Where is your psoas? Discover its location and function.

Where is your psoas? Discover its location and function.

The psoas muscle is one of the most vital muscles in the human body, primarily known for its relation to lower back pain. It is an unusual muscle as it spans several joints, including the spine, hip, and pelvis. In fact, it is the only muscle that connects the spine to the lower body, making it one of the most complex muscles in your body. Understanding the location and function of your psoas will give you insight into how it affects your body’s overall wellbeing.

What is the Psoas Muscle?

The psoas muscle is the combination of the iliacus muscle and the psoas major muscle. It is one of the most important muscles in the human body, stretching from the lumbar vertebrae down to the femur. It has a central role in core strength, hip flexibility, and overall body balance, ensuring that our movements are coordinated and efficient.

Where is the Psoas Muscle Located in the Body?

The psoas muscle lies deep inside the abdominal cavity, and runs on either side of the lumbar spine, attaching to the lumbar vertebrae and down to the femur. It runs very close to the spinal cord, which makes it particularly important in the transmission of nerve signals. When it exerts excessive stress on the spine, it can cause chronic lower back pain.

Psoas Function

The main function of the psoas muscle is anchoring the lower body and the upper body to produce joint movement. By stabilizing the spine and creating resistance in opposition to movement, it helps keep the back straight and in alignment. It also helps maintain posture by creating hip flexion, supporting the hip joint, and assisting in walking, running, and jumping.

In addition, it is responsible for relieving tension on the lower back and supporting the abdominal muscles. As a result, it functions to support and protect the organs of the abdominal and pelvic regions from shock and vibration.

The Importance of Psoas Muscle

The psoas muscle is commonly referred to as the “hidden prankster” because of its largely underestimated role in the movement and alignment of the body. The psoas muscle serves as a correlation between the upper and lower body, helping to maintain stability and mobility in both of these areas. This essential muscle also helps to cushion the spine and to avert injuries to the lumbar area.

Moreover, the psoas muscle modulates breathing patterns and tension in the diaphragm, leading to a reduction in anxiety, tightness, and stiffness in the neck and shoulders. Proper breathing techniques can assist in maintaining a healthy psoas muscle.

Lower Back Pain and Psoas

One of the most common reasons for lower back pain is a compromised psoas muscle. Long periods of sitting, physical inactivity, and bad habits can lead to a poorly functioning psoas muscle resulting in continuous pain. This can be because when the psoas becomes tight or stretched, it directly impacts the position and stability of the spine.

When this occurs, the spine doesn’t receive appropriate support, and muscle imbalances ensue. As the muscles start compensating for the psoas muscle, the risk of chronic back pain rises. Therefore, keeping the psoas relaxed and balanced is essential to maintaining overall physical health.

How to Stretch the Psoas Muscle?

Stretching the psoas on a regular basis can assist in restoring flexibility and avoiding complications that arise from tightness of the muscle. Below are some of the exercises you can engage in to maintain a healthy psoas muscle.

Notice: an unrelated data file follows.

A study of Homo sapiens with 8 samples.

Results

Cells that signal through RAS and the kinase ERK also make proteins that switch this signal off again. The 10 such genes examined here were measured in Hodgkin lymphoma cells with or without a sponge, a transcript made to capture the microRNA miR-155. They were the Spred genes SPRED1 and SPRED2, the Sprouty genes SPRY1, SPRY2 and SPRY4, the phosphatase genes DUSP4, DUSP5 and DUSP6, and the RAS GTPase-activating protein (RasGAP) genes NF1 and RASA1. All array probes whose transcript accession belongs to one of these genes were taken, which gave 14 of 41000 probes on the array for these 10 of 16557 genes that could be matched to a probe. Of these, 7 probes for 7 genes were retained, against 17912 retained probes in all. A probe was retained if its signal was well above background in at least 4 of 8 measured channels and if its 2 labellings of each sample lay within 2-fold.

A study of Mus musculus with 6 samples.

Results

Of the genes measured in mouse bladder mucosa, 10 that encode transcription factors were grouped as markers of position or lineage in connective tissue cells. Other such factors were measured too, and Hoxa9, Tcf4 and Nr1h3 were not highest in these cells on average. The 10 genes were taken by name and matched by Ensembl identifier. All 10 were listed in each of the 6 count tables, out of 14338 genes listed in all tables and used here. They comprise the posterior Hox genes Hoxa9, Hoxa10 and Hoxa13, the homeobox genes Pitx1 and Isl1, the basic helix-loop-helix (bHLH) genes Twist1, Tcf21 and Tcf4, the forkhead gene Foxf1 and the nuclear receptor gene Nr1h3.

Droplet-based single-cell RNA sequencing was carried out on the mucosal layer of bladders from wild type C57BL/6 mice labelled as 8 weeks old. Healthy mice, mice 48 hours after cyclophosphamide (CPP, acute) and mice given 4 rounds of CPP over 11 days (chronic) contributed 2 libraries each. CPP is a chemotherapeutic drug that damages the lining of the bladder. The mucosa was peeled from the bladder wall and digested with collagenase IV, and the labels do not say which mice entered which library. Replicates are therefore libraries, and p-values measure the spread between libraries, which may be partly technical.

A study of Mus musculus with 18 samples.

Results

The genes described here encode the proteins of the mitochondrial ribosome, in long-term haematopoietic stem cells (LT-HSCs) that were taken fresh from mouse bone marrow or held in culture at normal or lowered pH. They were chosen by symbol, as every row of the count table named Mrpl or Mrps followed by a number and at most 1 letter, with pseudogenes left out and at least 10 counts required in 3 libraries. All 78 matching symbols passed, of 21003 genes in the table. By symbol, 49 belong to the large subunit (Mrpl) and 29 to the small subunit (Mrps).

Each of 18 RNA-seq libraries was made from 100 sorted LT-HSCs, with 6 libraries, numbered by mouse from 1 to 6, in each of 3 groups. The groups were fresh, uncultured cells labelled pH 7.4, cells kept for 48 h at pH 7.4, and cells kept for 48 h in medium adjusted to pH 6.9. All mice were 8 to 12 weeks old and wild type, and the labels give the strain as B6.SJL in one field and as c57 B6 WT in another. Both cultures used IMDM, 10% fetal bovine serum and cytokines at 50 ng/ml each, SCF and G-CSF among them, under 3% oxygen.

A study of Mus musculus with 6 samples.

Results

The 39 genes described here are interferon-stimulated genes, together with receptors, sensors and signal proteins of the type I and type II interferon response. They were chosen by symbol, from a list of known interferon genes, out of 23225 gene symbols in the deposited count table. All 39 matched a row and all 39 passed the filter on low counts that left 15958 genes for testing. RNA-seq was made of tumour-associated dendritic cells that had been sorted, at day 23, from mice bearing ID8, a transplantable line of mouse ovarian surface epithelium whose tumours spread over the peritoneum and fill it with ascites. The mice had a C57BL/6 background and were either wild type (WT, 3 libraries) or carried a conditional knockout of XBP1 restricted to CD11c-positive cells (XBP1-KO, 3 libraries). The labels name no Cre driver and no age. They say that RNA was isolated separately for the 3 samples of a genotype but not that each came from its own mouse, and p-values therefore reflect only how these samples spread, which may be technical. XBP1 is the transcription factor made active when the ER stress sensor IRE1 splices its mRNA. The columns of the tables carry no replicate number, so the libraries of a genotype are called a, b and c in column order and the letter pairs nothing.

Deep Lunge Hip Flexor Stretch: Get on your knees and step forward with one leg bent at a 90-degree angle. Place your other foot in front of the opposite knee, keeping the knee bent. Keep your back straight and slowly lower your elbows to the surface, moving your weight forward onto your front leg. Hold this posture for at least 30 seconds before alternating sides.

One-Legged Psoas Stretch: Sit with one leg extended out ahead of you, toes pointing upward. Bend your other leg, then use your hands to lift your thigh to your chest, keeping your lower leg resting over the thigh. Slowly release and repeat on the opposite side.

Psoas Release Technique: Lie on your stomach with a ball beneath your hip flexor. As you turn your body closer to one side or the other, you will feel a deep stretch in the front of your hip.


The psoas muscle is an extremely crucial muscle that connects the upper body to the lower body. It is imperative to comprehend the function and location of your psoas muscle to maintain your body’s balance and coordination. Understanding that the lack of flexibility in the psoas muscle can lead to lower back pain is essential in taking care of your overall physical health.

Frequently Asked Questions:

Q: What is the psoas muscle?
A: This muscle is a combination of the iliacus muscle and the psoas major muscle that spans from the lumbar vertebrae down to the femur.

Q: What is the function of the psoas muscle?
A: The psoas muscle anchors the upper and lower body during joint movement and is essential in maintaining good posture and alignment.

Q: Where is the psoas muscle located in the body?
A: The psoas muscle is located deep inside the abdominal cavity and runs on either side of the lumbar spine.

Q: What is the connection between the psoas muscle and lower back pain?
A: When the psoas muscle becomes tight or stretched, it directly impacts the alignment and stability of the spine, causing lower back pain.


Danebrook, C. (2019). Psoas 101: Tight Hip Flexor Causes, Symptoms and Treatment. Healthline.

Bartley, J. (2017). Tight psoas muscles: another misunderstood cause of pain. Harvard Health Publishing.

Murray, J. (2021). Psoas stretches: how to stretch the psoas muscle. Medical News Today.

Manuel, G. (2018). Understanding the Psoas Major Muscle in Yoga, Athletics, and Functional Movement. Yoga Journal.